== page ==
Torbay Hospital League of Friends’ £110,000 donation means that Torbay and South Devon patients with gallstone disease are the first NHS patients in the UK to benefit from state-of-the-art bile duct exploration equipment, including a high definition videoscope.

Patients with gallstones that have found their way into the bile duct can now have a ‘one-stop-shop’ treatment where their gallbladder can be removed and the bile duct cleared at the time of surgery rather than having two or more separate procedures, resulting in a much-improved patient experience.

Gallstones are small stones that form in the gallbladder and are usually formed from excessive levels of cholesterol or calcium deposits. In most cases they do not cause any symptoms and do not need to be treated, but larger ones can be extremely painful and are a common problem.

Each week around 10 to 12 people are admitted to Torbay Hospital with gallstones, the majority of which are contained within the gallbladder and can be treated by removing the gallbladder alone.

However, when gallstones lodge in the bile duct they can cause more serious problems such as obstructive jaundice or acute pancreatitis, requiring emergency treatment.

Stuart Andrews, Upper Gastrointestinal Consultant and General Surgeon, said: “The bile duct is a very important tube and if it becomes blocked, serious complications can arise.

“Before this equipment was donated, if a gallstone was found in a patient’s bile duct, they would need to go through a second procedure – an endoscopy – and then move on to surgery at a later date. However, for some patients, endoscopy is not suitable as it is not possible to access the bile duct and this new equipment provides a back-up for such situations.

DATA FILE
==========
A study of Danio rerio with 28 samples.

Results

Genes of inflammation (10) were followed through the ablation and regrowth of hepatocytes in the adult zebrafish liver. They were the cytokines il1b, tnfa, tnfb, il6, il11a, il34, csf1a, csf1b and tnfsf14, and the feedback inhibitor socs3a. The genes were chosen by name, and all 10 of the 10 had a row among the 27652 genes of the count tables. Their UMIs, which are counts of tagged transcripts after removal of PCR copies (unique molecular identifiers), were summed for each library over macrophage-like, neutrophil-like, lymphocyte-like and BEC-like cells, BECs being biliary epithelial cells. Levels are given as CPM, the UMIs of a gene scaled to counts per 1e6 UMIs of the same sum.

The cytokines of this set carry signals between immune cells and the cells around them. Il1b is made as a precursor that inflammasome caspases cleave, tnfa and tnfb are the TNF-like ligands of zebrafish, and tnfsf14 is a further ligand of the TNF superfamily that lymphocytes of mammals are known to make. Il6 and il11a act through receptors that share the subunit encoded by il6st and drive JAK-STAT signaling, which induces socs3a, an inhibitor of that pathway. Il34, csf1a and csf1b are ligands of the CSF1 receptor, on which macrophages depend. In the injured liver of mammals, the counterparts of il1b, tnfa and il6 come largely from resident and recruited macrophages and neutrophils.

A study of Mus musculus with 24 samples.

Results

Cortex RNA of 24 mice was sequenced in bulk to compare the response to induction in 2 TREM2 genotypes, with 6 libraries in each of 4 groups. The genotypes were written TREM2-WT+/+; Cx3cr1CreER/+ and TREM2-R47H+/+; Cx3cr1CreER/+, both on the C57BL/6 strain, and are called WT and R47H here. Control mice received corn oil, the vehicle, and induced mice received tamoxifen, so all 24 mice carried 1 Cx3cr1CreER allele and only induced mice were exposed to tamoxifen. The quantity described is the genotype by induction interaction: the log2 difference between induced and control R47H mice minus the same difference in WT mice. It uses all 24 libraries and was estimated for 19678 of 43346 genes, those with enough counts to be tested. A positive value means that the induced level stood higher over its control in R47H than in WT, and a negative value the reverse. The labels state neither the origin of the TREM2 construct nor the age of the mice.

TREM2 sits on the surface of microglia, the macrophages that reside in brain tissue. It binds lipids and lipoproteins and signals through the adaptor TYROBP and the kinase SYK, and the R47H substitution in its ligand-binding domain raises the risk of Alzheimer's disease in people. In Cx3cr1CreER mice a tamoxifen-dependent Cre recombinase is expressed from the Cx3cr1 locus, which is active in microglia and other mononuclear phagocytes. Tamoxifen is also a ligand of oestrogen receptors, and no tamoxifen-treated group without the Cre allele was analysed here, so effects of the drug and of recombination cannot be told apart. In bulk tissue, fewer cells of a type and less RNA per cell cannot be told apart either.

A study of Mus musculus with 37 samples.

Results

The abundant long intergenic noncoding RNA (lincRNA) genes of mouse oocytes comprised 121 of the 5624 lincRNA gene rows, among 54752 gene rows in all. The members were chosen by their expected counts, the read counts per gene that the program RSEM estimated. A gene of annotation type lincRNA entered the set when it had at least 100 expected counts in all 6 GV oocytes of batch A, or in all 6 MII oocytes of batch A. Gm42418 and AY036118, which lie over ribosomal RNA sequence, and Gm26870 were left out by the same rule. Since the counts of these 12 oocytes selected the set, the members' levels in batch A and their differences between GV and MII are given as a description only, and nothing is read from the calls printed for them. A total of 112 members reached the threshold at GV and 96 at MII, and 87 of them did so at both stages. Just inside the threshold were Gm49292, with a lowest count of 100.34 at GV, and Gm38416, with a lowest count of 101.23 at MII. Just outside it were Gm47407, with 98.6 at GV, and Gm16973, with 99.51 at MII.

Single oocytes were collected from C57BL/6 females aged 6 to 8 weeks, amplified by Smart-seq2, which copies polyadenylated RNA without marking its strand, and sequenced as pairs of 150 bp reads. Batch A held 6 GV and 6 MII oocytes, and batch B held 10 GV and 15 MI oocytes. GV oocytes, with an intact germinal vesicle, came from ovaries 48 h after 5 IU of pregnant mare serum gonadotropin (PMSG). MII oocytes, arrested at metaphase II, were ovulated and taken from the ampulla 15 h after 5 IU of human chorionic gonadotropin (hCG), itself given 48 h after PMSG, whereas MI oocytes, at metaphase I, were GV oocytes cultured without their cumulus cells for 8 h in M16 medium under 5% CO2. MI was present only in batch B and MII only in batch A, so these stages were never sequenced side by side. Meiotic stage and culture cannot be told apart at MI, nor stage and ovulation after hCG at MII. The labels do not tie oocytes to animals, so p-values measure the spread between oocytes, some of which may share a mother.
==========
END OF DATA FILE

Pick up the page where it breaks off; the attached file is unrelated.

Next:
“An ultrasound probe has also been provided by the League of Friends which improves the efficiency of gallbladder surgery and this will reduce waiting times for surgery. We are hugely grateful to the League for this donation.”

It is estimated that the new equipment will be used on a regular basis at Torbay Hospital and will be particularly useful for emergency situations – for example, where patients are extremely jaundiced. 

David Rogers, chairman of Torbay Hospital League of Friends, said: “The League is delighted to have funded this highly sought-after equipment. It will enable our doctors to provide a broader range of options to local patients and a better service in dealing with gallbladder and gallstone problems, which are increasing year by year. By enabling surgeons to carry out a single procedure instead of two or more, the equipment significantly improves patient care.”

The Trust sees approximately 300 patients a year with gallstones, ranging from patients as young as 14 up to about 90. The number of patients presenting with gallstones problems is increasing and this equipment helps the Trust prepare for the future.